In the deep ocean off the coast of Costa Rica, scientists have found a species of crab that cultivates gardens of bacteria on its claws, then eats them.

The yeti crab — so-called because of the hair-like bristles that cover its arms — is only the second of its family to be discovered. The first — an even hairier species called Kiwa hirsuta — was found in 2005 near Easter Island.

Andrew Thurber, a marine ecologist now at Oregon State University in Corvallis, identified the second species a year later. “It was a big surprise,” he says. “There’s a tonne of them, they’re not small, and they’re six hours off a major port in Costa Rica.”

Writing in PLoS ONE this week, Thurber named the crab Kiwa puravida, after a common Costa Rican saying that means 'pure life'.

“Those of us who work in the deep sea expect to discover a strange new species every time we dive,” says Cindy Van Dover, a marine ecologist at Duke University Marine Laboratory in Beaufort, North Carolina. “Kiwa puravida doesn't disappoint. The original yeti crab was charismatic. This one is even more so.“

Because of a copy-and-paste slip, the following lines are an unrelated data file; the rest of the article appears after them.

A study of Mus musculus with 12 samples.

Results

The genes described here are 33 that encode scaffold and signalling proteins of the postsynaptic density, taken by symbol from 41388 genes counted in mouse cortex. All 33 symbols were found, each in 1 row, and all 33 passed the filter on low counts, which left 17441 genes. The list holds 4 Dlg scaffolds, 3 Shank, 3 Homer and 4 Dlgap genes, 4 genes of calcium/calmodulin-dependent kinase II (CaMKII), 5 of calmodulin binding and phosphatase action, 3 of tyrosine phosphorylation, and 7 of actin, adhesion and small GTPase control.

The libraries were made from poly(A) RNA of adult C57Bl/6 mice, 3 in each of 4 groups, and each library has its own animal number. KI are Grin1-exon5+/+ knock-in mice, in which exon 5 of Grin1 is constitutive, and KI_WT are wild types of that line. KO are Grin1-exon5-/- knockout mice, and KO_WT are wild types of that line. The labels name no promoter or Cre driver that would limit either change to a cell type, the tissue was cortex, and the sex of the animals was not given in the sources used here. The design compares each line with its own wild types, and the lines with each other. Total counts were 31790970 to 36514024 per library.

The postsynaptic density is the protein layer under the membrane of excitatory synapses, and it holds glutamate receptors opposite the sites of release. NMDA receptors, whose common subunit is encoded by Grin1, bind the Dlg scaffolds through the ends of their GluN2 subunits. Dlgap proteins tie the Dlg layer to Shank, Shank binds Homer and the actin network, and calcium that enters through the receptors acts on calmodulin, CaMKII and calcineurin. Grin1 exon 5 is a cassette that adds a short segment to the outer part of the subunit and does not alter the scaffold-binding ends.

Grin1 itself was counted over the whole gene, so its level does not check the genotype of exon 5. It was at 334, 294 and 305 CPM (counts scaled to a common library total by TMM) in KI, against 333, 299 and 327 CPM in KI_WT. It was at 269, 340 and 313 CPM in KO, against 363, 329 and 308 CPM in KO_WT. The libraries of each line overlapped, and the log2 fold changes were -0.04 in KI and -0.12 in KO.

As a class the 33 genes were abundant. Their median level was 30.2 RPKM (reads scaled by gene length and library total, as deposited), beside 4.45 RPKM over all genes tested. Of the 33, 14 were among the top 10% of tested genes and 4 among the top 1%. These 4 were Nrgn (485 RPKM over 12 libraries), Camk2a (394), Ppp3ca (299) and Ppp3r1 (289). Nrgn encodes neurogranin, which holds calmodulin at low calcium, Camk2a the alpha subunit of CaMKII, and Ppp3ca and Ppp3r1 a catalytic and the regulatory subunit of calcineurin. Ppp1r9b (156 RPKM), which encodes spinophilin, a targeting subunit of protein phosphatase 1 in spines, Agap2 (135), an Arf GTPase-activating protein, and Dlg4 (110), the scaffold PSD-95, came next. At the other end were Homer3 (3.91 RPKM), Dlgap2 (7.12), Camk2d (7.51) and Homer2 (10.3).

Ocean waves Thurber had not set out to discover species. He was part of a geological research cruise off the coast of Costa Rica, which aimed to study methane seeps — sites on the ocean floor that belch out methane and hydrogen sulphide gas. While exploring the seep in a submersible, pilot Gavin Eppard noticed the 9-centimetre crabs waving their claws over active seeps, and collected one. “He came up and just handed me this new species,” says Thurber.

The bristles that cover the crab’s claws and body are coated in gardens of symbiotic bacteria, which derive energy from the inorganic gases of the seeps. The crab eats the bacteria, using comb-like mouthparts to harvest them from its bristles.

The bacteria in K. puravida gardens are closely related to species that live in other cold seeps and hot hydrothermal vents all over the world. “It looks like the bacteria may use the seeps as stepping stones, to create this global connected population that consumes the energy coming out of seeps and vents,” says Thurber.